Earthquake tremors in the Hunter Valley are surprisingly common. Records compiled since European settlement have reports of earthquakes as far back as 1842.
On August 6, 1994 it was Ellalong's turn. Just after 9pm a magnitude 5.4 quake struck, the largest in eastern Australia since the 1989 Newcastle earthquake.
In geological terms it was quite close to this devastating Newcastle event, only 30km west of the 1989 epicentre. The earthquake was felt over a radius of more than 220km, as far as Taree in the north, Nowra in the south and Orange in west.
Power and lights went out and landlines went down as the strong earthquake was felt at Ellalong, Paxton and Wallaby Gully.
Many thought the earth movement was a result of blasting at Singleton Army Camp, but it was in fact part of the natural shaky history of the Hunter Valley.
Seventeen underground miners at Ellalong No. 2 Colliery reported a frightening scene and a first-hand description of the moment the quake hit paints a vivid picture: "...a loud noise...my whole surroundings shook for about five seconds. Coal fell from the headings sides and dust immediately filled all the headings and cut throughs... I suspected a gas explosion in nearby longwall excavations".
One miner had coal lodged in his eye as coal dust fell from the roof and he needed hospital treatment.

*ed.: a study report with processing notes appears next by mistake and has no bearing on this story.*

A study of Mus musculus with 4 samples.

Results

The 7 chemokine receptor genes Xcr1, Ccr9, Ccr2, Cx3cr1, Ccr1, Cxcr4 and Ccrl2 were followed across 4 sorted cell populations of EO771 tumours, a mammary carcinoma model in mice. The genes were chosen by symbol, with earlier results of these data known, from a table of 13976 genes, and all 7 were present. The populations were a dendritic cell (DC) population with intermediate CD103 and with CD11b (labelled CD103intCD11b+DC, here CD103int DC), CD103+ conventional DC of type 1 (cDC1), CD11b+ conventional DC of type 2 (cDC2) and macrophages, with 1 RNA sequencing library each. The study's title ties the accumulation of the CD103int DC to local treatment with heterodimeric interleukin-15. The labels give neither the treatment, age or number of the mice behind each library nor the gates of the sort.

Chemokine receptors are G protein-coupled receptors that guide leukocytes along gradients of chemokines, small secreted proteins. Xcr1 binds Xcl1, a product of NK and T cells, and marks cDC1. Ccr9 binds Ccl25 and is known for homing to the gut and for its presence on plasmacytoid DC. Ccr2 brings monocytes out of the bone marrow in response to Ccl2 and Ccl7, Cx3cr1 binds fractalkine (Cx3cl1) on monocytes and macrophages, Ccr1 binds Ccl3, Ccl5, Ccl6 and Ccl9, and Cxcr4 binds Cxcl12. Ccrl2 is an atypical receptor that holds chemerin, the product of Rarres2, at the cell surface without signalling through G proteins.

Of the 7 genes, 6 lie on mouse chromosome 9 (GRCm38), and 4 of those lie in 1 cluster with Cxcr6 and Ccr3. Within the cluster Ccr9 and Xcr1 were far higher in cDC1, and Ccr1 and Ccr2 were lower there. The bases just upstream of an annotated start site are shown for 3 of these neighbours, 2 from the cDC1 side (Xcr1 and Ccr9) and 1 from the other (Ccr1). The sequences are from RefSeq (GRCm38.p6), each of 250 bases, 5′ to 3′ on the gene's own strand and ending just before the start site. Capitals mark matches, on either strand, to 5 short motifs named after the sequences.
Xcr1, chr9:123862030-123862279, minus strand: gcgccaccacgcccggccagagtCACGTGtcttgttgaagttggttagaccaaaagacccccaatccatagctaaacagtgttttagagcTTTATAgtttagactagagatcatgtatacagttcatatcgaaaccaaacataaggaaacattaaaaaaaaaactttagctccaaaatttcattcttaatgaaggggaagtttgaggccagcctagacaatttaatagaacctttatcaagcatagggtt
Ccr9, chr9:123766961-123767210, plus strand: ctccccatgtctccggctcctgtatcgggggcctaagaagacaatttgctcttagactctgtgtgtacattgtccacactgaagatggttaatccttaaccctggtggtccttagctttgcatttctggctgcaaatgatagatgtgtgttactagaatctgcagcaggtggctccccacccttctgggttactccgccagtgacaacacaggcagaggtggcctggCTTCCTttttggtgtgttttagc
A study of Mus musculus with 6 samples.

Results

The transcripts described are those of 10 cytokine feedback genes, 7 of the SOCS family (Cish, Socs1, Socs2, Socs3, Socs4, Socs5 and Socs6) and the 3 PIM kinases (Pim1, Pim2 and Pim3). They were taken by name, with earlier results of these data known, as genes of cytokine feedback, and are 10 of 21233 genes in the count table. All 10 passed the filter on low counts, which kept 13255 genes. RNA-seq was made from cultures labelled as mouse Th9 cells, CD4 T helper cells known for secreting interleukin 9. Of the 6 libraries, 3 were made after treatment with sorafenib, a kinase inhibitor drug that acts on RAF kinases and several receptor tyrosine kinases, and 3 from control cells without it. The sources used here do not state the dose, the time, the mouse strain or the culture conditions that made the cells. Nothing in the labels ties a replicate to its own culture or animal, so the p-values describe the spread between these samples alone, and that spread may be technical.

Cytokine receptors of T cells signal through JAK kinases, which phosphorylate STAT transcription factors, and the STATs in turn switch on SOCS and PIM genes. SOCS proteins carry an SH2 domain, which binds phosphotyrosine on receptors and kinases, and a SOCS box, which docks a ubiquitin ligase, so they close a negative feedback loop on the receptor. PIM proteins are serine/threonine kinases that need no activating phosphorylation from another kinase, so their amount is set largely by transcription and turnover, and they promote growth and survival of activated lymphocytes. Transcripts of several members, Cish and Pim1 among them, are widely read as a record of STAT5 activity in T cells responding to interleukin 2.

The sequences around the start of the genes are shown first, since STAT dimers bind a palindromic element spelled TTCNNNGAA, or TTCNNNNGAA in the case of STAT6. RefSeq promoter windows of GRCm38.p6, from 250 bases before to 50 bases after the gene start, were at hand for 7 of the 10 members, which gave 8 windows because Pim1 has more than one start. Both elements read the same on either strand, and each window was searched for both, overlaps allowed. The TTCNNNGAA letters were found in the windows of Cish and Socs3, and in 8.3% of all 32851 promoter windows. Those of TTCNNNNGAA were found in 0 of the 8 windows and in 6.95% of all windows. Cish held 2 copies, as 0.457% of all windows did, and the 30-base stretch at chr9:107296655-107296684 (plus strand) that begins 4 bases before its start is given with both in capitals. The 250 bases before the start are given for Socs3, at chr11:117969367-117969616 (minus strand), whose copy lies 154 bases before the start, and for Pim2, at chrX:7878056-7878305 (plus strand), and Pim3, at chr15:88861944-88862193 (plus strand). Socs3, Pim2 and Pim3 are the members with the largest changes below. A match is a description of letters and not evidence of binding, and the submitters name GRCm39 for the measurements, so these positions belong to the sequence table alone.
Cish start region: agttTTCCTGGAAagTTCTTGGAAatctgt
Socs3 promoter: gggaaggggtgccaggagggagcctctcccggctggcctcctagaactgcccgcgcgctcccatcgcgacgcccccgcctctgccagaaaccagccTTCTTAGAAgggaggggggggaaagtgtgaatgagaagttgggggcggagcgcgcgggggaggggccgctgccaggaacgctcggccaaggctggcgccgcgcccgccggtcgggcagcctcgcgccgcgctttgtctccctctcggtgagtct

Over at the Ellalong Hotel patrons were enjoying a Saturday night at the pub when the earthquake struck.
New licensees of only three weeks Michael and Debbie Potts heard a deep rumble and a cracking noise as the hotel shook violently.
The power went out; the building was plunged into darkness and patrons screamed in fear and confusion as they attempted to escape. The impact of the rolling earth threw the barman back into the fridges behind the bar and the historic building was extensively damaged.
The most extraordinary aspect of the quake was the observation by local residents of the rarely seen 'earthquake lights'.
A woman at Paxton recalled looking southeast into the bush before the earthquake struck. A frightening red glow appeared; she described it as being like a 'big red ball' low to the ground, moving rapidly toward her. It emerged from nowhere just as the ground began shaking.
There have been many reports of such strange lights accompanying earthquakes overseas, but this is one of the rare reports in Australia.